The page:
Getting back on track after struggling with substance abuse can be difficult. Maybe you’ve been in and out of rehab, or perhaps you’ve just been trying to quit on your own. Either way, it’s a process. Here are some ways to make recovery easier.
1. Seek professional help.
If you feel like you’re struggling to quit on your own, seek professional help from a therapist or counselor who can help you develop healthy coping mechanisms and overcome any triggers or temptations.
This can also entail checking yourself in a rehabilitation center if you need more structure and support to stay on track. These facilities often offer detoxification programs, therapy, and counseling services to help you get sober and stay sober.
This can be quite helpful because if you’re constantly being reminded of your substance abuse, it can make quitting even harder.
2. Set realistic goals.
Another step is to set some realistic goals for yourself. If you’re trying to quit smoking, don’t try to go from a pack a day to zero cigarettes overnight. Set a goal of cutting down by half or quitting for two days out of the week. Small goals are more achievable and will help you stay on track.
Likewise, if you’re trying to quit drinking, set a goal of only drinking on weekends or limiting yourself to two drinks per day. Again, these are more realistic goals that won’t make quitting as daunting and will help you stick to your sobriety plan.
Regardless of what your goals are, be sure to write them down and refer to them often to help keep you accountable. This way, you can track your progress and see how far you’ve come.
3. Find a support system.
Surround yourself with people who will support your sobriety, whether that’s friends, family, or fellow sober comrades. These people will help you stay accountable and motivated on your journey.
For instance, if you’re trying to quit drinking, find a friend who doesn’t drink or go to AA meetings. If you’re trying to quit smoking, avoid places where people smoke and instead hang out with people who don’t. The idea is to surround yourself with people who will help rather than hinder your sobriety.
In addition, there are many online support groups available that can provide assistance and advice 24/7. To find one that’s right for you, simply do a quick search on the internet or ask your therapist for recommendations.
4. Get active.
Exercise is a great way to boost your mood and stay healthy while overcoming addiction. Taking up a new hobby can also be a great way to keep busy and distracted from any temptations.
Both of these activities can help release endorphins which are often associated with pain-relieving and mood-boosting effects. They can also help reduce stress and anxiety, two common triggers for substance abuse. Plus, they’ll help keep you physically healthy, which is vital for overall well-being.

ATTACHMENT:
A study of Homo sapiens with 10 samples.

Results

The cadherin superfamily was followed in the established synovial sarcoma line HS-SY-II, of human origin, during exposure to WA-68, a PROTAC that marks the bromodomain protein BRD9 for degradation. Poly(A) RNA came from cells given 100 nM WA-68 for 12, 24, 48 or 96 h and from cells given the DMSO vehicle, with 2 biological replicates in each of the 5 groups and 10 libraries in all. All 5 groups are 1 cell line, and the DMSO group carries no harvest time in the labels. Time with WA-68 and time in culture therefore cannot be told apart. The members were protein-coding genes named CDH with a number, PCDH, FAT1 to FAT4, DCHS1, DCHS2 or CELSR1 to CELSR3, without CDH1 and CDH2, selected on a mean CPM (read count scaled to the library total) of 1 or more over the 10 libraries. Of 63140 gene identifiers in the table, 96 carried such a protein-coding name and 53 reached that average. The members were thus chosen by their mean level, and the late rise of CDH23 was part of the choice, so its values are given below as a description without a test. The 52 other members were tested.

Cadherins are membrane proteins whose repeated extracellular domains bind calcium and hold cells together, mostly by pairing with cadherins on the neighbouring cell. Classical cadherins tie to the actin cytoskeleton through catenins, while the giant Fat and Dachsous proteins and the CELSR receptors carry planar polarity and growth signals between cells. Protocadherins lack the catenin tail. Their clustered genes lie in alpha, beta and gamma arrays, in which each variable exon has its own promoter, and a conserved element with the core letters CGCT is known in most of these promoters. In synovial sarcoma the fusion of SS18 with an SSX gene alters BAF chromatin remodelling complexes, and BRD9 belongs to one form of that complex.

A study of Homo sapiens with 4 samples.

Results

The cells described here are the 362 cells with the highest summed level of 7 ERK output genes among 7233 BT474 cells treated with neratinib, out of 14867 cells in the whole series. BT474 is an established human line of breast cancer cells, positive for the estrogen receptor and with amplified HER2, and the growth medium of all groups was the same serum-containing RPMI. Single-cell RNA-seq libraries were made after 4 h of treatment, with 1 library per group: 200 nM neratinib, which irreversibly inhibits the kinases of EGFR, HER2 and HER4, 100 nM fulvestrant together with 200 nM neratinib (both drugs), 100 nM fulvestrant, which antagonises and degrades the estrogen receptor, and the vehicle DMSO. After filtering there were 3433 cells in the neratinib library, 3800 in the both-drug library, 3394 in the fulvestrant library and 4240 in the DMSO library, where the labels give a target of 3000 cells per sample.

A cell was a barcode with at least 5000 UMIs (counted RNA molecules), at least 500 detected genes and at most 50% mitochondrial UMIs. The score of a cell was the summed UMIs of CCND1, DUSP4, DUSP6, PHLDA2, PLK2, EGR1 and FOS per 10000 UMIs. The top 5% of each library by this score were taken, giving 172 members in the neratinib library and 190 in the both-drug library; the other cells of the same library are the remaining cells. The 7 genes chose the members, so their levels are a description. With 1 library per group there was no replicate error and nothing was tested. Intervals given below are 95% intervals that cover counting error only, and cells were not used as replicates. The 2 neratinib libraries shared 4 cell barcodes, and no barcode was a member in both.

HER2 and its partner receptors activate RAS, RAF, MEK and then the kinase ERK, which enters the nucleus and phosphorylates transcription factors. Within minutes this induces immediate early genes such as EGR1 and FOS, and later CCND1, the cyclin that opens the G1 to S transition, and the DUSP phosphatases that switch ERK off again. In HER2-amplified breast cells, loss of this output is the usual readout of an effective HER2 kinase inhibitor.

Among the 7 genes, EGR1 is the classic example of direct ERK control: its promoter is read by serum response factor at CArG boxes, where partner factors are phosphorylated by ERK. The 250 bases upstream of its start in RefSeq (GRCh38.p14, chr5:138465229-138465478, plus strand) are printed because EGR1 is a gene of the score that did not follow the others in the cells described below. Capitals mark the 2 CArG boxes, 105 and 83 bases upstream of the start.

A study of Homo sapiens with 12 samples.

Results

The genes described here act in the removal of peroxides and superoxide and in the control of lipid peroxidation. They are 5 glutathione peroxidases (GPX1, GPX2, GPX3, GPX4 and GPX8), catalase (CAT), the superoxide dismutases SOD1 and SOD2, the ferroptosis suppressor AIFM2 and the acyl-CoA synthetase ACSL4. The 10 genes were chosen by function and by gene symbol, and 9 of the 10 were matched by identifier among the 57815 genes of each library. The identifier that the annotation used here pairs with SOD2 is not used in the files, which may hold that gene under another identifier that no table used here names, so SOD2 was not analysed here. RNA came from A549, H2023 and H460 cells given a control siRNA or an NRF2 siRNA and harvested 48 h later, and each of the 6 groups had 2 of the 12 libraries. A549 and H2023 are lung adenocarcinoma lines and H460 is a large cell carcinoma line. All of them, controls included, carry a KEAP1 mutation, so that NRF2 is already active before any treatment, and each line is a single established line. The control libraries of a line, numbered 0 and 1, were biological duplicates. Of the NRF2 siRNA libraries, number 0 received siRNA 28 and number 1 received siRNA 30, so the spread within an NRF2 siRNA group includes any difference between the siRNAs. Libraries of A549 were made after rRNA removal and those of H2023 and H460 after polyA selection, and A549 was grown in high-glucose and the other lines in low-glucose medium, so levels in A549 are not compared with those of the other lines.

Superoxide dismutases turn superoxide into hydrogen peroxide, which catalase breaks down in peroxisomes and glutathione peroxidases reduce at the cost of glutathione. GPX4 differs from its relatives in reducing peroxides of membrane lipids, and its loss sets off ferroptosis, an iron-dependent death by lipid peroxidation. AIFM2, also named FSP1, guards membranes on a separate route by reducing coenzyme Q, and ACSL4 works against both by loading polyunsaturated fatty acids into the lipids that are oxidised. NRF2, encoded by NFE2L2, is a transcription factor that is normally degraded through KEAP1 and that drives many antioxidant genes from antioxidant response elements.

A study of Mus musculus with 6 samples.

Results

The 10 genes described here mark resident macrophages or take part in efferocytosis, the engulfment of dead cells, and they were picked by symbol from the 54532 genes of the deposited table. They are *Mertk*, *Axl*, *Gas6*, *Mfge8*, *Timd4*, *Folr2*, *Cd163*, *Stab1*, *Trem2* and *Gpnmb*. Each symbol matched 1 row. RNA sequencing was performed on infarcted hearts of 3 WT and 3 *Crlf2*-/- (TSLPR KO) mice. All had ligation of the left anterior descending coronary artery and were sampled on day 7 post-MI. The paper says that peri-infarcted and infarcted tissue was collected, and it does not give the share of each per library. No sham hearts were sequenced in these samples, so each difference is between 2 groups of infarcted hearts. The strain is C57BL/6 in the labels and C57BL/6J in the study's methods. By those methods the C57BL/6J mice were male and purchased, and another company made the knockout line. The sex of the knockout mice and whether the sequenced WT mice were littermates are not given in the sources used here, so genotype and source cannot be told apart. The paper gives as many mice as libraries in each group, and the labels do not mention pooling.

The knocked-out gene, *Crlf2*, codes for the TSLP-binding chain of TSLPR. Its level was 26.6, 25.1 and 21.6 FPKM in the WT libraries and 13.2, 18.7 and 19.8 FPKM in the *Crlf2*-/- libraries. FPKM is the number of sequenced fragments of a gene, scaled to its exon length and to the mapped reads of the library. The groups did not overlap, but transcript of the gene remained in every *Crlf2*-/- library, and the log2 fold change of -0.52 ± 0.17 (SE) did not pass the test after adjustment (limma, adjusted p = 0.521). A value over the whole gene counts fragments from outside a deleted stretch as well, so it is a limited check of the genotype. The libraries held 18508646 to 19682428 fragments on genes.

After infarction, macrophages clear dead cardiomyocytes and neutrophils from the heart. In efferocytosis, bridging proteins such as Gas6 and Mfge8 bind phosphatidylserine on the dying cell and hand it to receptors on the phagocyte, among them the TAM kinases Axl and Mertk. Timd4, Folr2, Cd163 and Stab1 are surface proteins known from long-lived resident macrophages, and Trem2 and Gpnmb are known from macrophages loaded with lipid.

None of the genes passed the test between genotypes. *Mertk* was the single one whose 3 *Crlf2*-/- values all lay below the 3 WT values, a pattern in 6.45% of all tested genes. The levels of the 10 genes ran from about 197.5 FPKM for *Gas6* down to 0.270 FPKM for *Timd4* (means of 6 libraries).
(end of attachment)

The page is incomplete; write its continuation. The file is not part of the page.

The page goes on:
Just remember to start slow and gradually increase your activity level as you feel more comfortable. And be sure to consult with your doctor before starting any new exercise regimen, especially if you’re struggling with mental health issues.
5. Change your lifestyle.
If you’re used to partying and drinking every weekend, it’s time to change your lifestyle. This means finding new hobbies and activities that don’t revolve around substance abuse.
It also means avoiding places and people that trigger your temptation to use. This might mean avoiding bars, clubs, and parties altogether. Or it might just mean limiting your exposure to these things and only going out in moderation.
Making lifestyle changes can be difficult, but it’s necessary if you want to overcome addiction. After all, you can’t keep doing the same things and expect different results.
6. Be honest with yourself.
The road to recovery is not always linear. There will be ups and downs, good days and bad days. The most important thing is to be honest with yourself about where you’re at in your journey and ask for help when needed.
If you find yourself slipping up, don’t be too hard on yourself. Just get back on track and continue working towards your goals. Remember that sobriety is a process, not a destination, and that every day is a new opportunity to start fresh.
And as long as you’re honest with yourself and committed to your sobriety, you’ll eventually get back to the person you once were. The most important thing is to never give up on yourself. You can do it!
Substance abuse is a difficult thing to overcome, but it is possible. By setting realistic goals, finding a supportive network of people, getting active, being honest with yourself, and seeking professional help, you can begin the journey to returning to your old self again. Sobriety is attainable—believe in yourself and take it one day at a time.